A holiday for sinners and saints


A holiday for sinners and saints

Thanksgiving is the most Lutheran of all holidays, because it is honest about our simultaneous saint and sinner nature.

Known for being a time when families fight and squabble, it's not uncommon for the empty chairs left by those too wounded to call each other family, glimpses of addiction or mental health fragilities, and political, religious and generational divides to become the center of what family talks or works really hard not to talk about on Thanksgiving.

But Thanksgiving is not all bad. It simultaneously reminds us to give thanks to God, feed and support those who don't have enough food and to reconnect as families.

A few weeks ago, as I have done 11 times over the past decade, I went on a street retreat. I was in San Francisco, learning about what it is like for homeless families living in shelters or cars and eating in food lines.

This year, I kept shelter hours in a nonprofit (so that I wouldn't displace any families or children who needed shelter). My partner and 2-month-old son joined me for part of the retreat. Throughout the week I noticed the amount of additional stress it put on my family to simulate the experience, even though we were not exposing ourselves to the most dangerous aspects of homelessness (lack of shelter, food and diapers, or loss of family, friends and jobs).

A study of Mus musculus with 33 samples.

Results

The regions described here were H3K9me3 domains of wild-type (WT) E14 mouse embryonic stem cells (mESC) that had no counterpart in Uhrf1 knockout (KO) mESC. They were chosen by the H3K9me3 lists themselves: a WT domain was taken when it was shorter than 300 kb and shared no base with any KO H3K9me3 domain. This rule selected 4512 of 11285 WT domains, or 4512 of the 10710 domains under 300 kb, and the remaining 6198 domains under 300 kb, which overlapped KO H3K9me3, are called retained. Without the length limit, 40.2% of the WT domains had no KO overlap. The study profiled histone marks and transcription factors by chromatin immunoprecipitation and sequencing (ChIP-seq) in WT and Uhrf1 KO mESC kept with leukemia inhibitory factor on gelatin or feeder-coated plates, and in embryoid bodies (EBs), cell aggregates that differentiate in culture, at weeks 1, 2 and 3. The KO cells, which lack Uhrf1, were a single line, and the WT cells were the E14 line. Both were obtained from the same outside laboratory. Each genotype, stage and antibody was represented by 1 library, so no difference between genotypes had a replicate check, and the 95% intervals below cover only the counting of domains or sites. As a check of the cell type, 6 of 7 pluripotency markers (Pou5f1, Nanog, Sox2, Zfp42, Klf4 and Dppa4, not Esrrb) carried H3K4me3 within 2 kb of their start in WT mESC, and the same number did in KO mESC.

I wondered how much more difficult our experience could have been if we had the same burnt bridges that lead to or result from life on the streets.

I left the streets with a deeper understanding of how much more difficult homelessness is when you have children. An important moment for me was when we were sleeping in a car in a safe church parking lot. I discovered that even though I was able to sleep on the streets hundreds of times before, I couldn't sleep in a safe, warm car with my partner and baby. I was much too hyper-vigilant to fall asleep.

I have never felt that kind of fear before. I cannot imagine what it feels like for the parents of children (of any age) that are living on the streets.

And on this Thanksgiving Day, I think of all the housed and homeless families, the fights and grateful feasts happening around the country. I hope that your Thanksgiving table is a welcome and loving space for the saint/sinners who gather there.

May we continue to invite the members of our families who have disappointed, disrupted or failed to show up at past Thanksgivings. May we continually reset our hearts and continuously work to rebuild and extinguish all the bridge fires we can find in our families. And if not this year, then next year may we gather again at table with our biological or chosen families to try it all over again.


Megan Rohrer is an ELCA pastor and the executive director of Welcome -- a communal response to poverty. She and her family recently moved from San Francisco to Rochester, Minn.